Movie Review - Finding Neverland

No dinner tonight, except for frozen eggrolls. My kitchen cupboards are bare since I haven't been grocery shopping in nearly two weeks. Plus I didn't get home until nearly 730pm tonight due to a hair appointment.

But I did pick up a video to watch on this extremely cold evening.

Tuesday Night's Featured Attraction: Finding Neverland is the story of J. M. Barrie's friendship with a family who inspired him to create Peter Pan.

Pam's Review: This is an absolutely wonderful movie that is so very touching. I'm still drying my eyes after having a good cry. Johnny Depp as J.M. Barrie, author of "Peter Pan", is simply awesome. Depp again demonstrates that he is the most gifted and versatile actor of his generation.

Peter Davies, the muse of Peter Pan, is amazing. Peter's on screen relationship with James Barrie is deeply compassionate and inspiring, and makes "Finding Neverland" a very special movie and experience.

"Neverland" tells the story of how James Barrie created Peter Pan in 1904. Barrie at the time was a renowned play-write, who is in the midst of a dry spell. He, along with his benefactor and producer, Charles Frohman (Dustin Hoffman, who injects a great light touch), have weathered a stage flop. Barrie must create something that audiences will embrace. He develops a relationship with a widow, Sylvia Llewelyn Davies (Kate Winslett), and her four young boys, George, Jack, Peter, and Michael.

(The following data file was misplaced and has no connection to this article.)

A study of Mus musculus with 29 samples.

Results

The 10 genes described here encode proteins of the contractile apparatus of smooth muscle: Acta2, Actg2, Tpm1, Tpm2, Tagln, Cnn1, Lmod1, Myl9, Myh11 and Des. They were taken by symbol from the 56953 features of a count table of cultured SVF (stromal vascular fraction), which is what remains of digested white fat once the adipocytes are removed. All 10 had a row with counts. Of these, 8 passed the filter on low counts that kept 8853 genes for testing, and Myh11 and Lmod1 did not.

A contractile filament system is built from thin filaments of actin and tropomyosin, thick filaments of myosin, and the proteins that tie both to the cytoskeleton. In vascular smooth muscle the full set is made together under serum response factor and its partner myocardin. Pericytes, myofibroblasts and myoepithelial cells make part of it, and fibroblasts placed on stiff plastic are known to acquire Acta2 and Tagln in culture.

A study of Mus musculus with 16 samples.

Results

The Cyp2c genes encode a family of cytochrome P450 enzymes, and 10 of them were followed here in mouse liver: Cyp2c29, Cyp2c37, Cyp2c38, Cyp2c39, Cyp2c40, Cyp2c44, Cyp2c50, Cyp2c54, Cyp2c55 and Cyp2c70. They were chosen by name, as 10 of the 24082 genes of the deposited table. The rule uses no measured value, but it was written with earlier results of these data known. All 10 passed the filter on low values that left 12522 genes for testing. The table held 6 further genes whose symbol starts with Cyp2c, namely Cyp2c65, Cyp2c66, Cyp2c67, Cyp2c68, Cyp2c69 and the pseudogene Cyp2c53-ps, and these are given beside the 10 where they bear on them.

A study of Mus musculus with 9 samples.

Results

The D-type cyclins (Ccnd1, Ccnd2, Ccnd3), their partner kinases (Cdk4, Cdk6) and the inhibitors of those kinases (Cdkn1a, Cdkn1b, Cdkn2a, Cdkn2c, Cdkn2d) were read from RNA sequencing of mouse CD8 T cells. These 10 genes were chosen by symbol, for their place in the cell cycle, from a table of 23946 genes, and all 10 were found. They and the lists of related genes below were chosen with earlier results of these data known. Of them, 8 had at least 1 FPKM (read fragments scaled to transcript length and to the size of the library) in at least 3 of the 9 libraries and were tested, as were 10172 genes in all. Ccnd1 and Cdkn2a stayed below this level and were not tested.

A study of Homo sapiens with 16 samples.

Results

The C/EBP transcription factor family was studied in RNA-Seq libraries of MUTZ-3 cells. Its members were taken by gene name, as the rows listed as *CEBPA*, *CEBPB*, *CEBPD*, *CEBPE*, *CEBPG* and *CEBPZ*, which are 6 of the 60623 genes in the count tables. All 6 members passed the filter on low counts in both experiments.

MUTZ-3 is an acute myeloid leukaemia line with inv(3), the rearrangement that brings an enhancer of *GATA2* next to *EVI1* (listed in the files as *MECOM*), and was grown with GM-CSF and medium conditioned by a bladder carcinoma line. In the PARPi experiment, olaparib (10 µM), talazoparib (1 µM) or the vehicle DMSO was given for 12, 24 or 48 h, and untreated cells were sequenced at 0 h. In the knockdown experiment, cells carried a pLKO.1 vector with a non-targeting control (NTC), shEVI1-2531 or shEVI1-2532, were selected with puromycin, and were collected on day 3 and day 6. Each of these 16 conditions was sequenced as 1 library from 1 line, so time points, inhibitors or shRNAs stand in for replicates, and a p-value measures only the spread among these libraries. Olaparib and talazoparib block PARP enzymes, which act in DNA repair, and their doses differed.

Barrie is married, and his wife Mary is not pleased that her husband is spending all his time with another family. Though their marriage seems to have died years ago. Also displeased is Sylvia's mother. By Barrie spending so much time with the family, Sylvia's value is depreciated. In a more contemporary sense people start talking about Barrie, in particular his spending time with the Davies boys.

Barrie notices that Peter, who is at first resistant to him, seems in a hurry to grow up, thinking that things are less painful as an adult. Peter has taken the death of his father especially hard. In a stirring scene with Barrie, Peter tells him that he will not tolerate adults "lying" to him. That had happened with his father.

The last 20 minutes of "Finding Neverland" is so very touching and inspiring. "Peter Pan" is not just a fairy tale, rather a metaphor. We all grow old, in this we don't have a choice in the matter. However, if a part of us remains young, the part that makes the world always new and miraculous, not necessarily believing in fairies, rather remembering what that was like, then we grow old, without being truly old.

Maybe that is finding Neverland. Barrie says to Peter at the end, "Just believe." That is well said. Just believe. The whole ending, I was just in tears. I don't think they were tears of sadness, but tears of joy. This movie just made me feel so good inside.